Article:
Fitch hits Turkish banks with rating cuts as new finance minister takes reigns

Fitch hits Turkish banks with rating cuts as new finance minister takes reigns


Nureddin Nebati was appointed treasury and finance minister on December 2 by President Erdogan and has taken the reigns of an ailing economy marred by a tanking currency.

Fitch said on Friday: “The negative outlooks on banks with ratings driven by state support reflect the sovereign outlook, and the risk of a further weakening of the authorities’ ability to provide support in case of need.

“We believe that the risks to macroeconomic and financial stability and external financing could increase the likelihood of government intervention in the banking system.”

President Erdogan has long faced criticism for conducting political interventions in the state’s central bank, including by pressuring officials or firing them and replacing them with his political allies.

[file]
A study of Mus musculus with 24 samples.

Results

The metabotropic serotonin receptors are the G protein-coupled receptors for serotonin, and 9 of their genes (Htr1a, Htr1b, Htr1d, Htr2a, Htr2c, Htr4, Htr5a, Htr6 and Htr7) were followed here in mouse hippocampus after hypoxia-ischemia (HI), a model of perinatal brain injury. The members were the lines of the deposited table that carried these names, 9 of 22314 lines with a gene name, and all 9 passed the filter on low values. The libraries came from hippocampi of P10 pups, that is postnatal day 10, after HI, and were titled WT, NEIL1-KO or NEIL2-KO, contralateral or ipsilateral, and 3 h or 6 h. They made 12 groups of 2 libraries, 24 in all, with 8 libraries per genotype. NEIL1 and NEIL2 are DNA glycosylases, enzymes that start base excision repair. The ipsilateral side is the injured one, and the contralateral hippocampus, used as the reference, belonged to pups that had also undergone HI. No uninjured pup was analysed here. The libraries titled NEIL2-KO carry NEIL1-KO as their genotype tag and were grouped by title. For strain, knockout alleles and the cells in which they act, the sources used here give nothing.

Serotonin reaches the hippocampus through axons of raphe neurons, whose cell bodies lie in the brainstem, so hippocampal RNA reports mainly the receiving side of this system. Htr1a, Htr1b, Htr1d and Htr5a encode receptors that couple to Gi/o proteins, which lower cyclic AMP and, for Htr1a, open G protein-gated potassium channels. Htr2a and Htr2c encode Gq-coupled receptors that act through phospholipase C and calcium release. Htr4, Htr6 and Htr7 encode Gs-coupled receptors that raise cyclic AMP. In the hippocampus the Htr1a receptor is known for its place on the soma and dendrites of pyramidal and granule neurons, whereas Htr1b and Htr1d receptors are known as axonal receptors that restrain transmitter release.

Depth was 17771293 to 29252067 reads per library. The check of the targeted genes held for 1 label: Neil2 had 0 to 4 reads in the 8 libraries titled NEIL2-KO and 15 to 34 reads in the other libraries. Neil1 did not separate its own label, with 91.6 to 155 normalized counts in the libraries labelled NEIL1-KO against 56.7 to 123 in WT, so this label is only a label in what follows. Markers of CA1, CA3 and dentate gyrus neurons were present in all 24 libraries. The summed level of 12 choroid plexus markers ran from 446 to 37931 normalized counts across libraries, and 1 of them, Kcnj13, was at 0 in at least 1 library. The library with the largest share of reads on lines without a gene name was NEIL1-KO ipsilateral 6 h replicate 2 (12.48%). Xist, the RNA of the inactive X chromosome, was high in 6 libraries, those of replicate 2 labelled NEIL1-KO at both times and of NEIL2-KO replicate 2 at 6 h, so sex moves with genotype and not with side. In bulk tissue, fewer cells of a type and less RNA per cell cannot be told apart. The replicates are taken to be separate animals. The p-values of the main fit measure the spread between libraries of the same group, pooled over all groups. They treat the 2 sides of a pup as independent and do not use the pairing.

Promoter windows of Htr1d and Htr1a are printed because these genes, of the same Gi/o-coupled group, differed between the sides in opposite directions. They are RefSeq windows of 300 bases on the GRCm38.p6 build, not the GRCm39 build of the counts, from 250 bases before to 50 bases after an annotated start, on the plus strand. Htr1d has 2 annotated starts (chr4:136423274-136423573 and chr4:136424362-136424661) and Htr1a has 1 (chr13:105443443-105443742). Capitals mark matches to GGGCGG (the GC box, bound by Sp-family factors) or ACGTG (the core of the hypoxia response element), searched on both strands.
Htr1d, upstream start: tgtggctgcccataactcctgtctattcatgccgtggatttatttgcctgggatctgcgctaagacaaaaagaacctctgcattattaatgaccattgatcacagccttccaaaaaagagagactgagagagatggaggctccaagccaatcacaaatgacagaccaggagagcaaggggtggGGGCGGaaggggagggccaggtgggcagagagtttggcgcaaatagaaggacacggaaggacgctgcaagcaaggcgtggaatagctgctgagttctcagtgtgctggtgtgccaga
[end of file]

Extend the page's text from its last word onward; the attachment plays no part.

“Together these factors have led to a deterioration in domestic confidence, reflected in a sharp depreciation of the Turkish lira and rising inflation, creating risks to macroeconomic and financial stability and potentially re-igniting external financing risks.”

The lira has slumped 46 per cent against the US dollar this year, making it the worst-performing currency tracked by Bloomberg.

Erdogan has remained focused on keeping interest rates despite the Lira’s collapse, believing that the low rates will drive economic growth, and new Finance Minister Nebati appears to be in favor of Erdogan’s low-interest strategy.

Before taking his new post, he made a series of tweets supportive of the policy, saying the current-account deficit was the economy’s biggest problem and that rates should be cut against supply-side inflation.